How much money could you and your neighbors save on energy?

That depends a lot on the building code, which states (and sometimes cities) can use to set minimum standards for energy efficiency.  The U.S. Department of Energy has a nice chart of which state has adopted which code, but the following chart is useful in understanding what that means from the standpoint of relative energy efficiency and energy savings.  A third of states could save new homeowners anywhere from $150 to $1100 per year in energy costs by upgrading or implementing the most recent International Energy Conservation Code (IECC).

relative energy efficiency of building codes.001

In many cases, cities have the authority to set more ambitious codes than the state, a great way to use local authority to save residents and businesses money! However, state authority varies widely. The following map illustrates which states allow local governments to set their own building energy codes:

local building code authority state map 2013

It’s not just the code, but how it’s implemented that matters. In September 2013, environmental groups and home builders associations reached a historic agreement on building codes, focusing on improving efficiency through a performance based measure (the Home Energy Rating System) instead of the prescriptive IECC codes. The upshot could be a 20% improvement over the 2012 IECC code within two years by allowing builders to find their own strategies to meet the targets.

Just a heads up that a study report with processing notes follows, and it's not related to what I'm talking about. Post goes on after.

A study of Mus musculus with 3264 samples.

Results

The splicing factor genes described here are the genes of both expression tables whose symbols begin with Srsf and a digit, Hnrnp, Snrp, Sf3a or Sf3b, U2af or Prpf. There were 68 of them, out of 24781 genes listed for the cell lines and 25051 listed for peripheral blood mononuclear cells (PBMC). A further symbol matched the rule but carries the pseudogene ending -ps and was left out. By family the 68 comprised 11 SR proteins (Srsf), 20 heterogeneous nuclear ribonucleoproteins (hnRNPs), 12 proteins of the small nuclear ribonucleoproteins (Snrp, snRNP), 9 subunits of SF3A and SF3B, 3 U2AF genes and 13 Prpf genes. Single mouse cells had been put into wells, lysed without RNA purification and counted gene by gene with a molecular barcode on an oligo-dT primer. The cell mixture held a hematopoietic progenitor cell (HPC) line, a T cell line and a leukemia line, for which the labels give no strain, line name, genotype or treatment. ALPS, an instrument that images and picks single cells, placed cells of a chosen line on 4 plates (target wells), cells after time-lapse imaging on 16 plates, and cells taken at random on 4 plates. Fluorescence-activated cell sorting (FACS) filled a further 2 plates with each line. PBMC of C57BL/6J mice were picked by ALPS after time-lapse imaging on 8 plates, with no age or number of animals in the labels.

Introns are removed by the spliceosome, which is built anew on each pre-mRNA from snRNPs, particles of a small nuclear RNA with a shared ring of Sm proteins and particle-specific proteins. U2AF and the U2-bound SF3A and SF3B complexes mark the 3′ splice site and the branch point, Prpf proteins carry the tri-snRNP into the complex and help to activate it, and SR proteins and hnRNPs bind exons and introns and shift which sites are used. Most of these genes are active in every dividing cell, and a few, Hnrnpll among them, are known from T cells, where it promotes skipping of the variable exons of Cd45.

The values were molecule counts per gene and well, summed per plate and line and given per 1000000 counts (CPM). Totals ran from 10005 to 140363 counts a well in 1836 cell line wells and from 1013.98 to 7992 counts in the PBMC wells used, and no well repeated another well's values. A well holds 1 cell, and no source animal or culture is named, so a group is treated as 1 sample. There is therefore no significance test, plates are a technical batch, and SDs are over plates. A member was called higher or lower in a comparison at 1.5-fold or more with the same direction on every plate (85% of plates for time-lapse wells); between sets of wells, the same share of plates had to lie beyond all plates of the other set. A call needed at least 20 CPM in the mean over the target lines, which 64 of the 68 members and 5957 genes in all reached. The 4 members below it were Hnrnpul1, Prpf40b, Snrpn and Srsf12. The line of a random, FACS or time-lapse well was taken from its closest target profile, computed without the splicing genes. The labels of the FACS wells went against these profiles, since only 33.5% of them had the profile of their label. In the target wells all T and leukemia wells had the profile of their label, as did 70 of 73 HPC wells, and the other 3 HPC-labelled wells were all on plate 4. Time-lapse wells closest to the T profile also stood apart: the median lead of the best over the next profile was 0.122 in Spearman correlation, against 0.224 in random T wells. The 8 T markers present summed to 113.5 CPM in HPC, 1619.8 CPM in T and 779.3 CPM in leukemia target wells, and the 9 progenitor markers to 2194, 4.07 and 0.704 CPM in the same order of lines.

Could your city start saving big on energy dollars? Check out the charts, and for more information on energy efficiency and other strategies for boosting the economy with local energy investments, see ILSR’s recent report, City Power Play.

 
 
 

John directs the Democratic Energy program at ILSR and he focuses on energy policy developments that best expand the benefits of local ownership and dispersed generation of renewable energy. His seminal paper, Democratizing the Electricity System, describes how to blast the roadblocks to distributed renewable energy generation, and how such small-scale renewable energy projects are the key to the biggest strides in renewable energy development.   Farrell also authored the landmark report Energy Self-Reliant States, which serves as the definitive energy atlas for the United States, detailing the state-by-state renewable electricity generation potential. Farrell regularly provides discussion and analysis of distributed renewable energy policy on his blog, Energy Self-Reliant States (energyselfreliantstates.org), and articles are regularly syndicated on Grist and Renewable Energy World.   John Farrell can also be found on Twitter @johnffarrell, or at jfarrell@ilsr.org.